Agnes watched the little boy walk into her store and look around with big wide eyes. He could be no more than three or four years old. His parents had bundled him up warmly against the December cold but his little cheeks were still pink from exposure. She watched him for several moments as he stood in the doorway looking all about, but his parents never appeared behind him.
Agnes stopped stocking cans of beans on the shelf and approached the child, helping him finish entering the store so that she could close the door. She didn’t close it immediately, of course. First she stepped out into air crisp with the promise of snow to look up and down the street for the child’s parents.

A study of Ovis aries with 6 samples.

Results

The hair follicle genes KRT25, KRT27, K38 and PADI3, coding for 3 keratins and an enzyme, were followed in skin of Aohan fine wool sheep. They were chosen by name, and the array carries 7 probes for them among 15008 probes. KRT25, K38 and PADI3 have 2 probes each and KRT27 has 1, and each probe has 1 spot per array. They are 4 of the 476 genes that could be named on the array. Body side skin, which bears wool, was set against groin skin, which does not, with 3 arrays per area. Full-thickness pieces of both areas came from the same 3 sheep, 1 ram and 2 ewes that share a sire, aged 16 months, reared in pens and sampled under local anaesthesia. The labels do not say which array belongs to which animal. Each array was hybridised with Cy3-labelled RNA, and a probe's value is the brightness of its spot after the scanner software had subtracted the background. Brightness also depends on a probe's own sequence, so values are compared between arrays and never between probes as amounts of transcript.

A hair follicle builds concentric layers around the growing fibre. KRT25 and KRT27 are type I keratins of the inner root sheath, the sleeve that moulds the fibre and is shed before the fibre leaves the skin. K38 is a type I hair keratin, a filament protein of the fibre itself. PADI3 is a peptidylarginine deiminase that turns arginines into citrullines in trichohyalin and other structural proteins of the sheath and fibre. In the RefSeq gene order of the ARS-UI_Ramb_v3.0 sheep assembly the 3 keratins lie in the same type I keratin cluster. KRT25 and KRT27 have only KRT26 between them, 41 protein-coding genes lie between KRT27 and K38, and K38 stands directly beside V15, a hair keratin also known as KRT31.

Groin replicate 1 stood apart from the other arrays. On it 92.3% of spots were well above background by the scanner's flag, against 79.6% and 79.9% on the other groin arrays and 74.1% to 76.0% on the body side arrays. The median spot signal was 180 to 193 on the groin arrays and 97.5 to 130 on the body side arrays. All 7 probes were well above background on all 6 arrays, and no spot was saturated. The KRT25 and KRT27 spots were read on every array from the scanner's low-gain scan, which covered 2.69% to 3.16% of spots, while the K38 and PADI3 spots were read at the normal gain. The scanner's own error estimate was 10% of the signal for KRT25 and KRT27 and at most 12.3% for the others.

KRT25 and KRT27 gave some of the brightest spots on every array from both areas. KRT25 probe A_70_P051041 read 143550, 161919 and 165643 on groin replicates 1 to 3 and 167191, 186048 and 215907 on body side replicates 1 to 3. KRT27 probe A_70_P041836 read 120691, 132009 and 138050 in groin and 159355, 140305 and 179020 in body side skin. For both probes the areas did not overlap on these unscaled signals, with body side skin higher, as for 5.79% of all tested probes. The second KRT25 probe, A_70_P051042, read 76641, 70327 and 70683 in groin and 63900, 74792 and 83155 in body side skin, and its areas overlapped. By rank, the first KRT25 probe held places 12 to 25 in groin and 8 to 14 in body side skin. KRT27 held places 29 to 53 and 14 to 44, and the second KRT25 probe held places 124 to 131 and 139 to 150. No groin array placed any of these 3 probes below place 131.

The street was not crowded. Mrs. Crenshaw was finishing her shopping down at the grocery store and the passel of Whittock children were playing with a worn rubber ball. But other than that, the street was empty.
Agnes stepped back into her store to face the little boy. She squatted down before him, fifty-year-old knees creaking beneath her. “What’s your name, child?”
The little blond boy just stared at her with his big blue eyes.
“Is your mama outside?” Agnes asked.
There was no reaction from the child.
“How about your pa?”
The boy frowned and his lower lip quivered. A heart-wrenching tear welled up in the corner of his eye but did not break free and roll down his cheek.
Agnes’ heart melted. “It’s alright, child,” she assured him. “We’ll find your Pa. Why don’t you step outside with me and we’ll round him up?”
She took the child’s hand in hers and led him outside.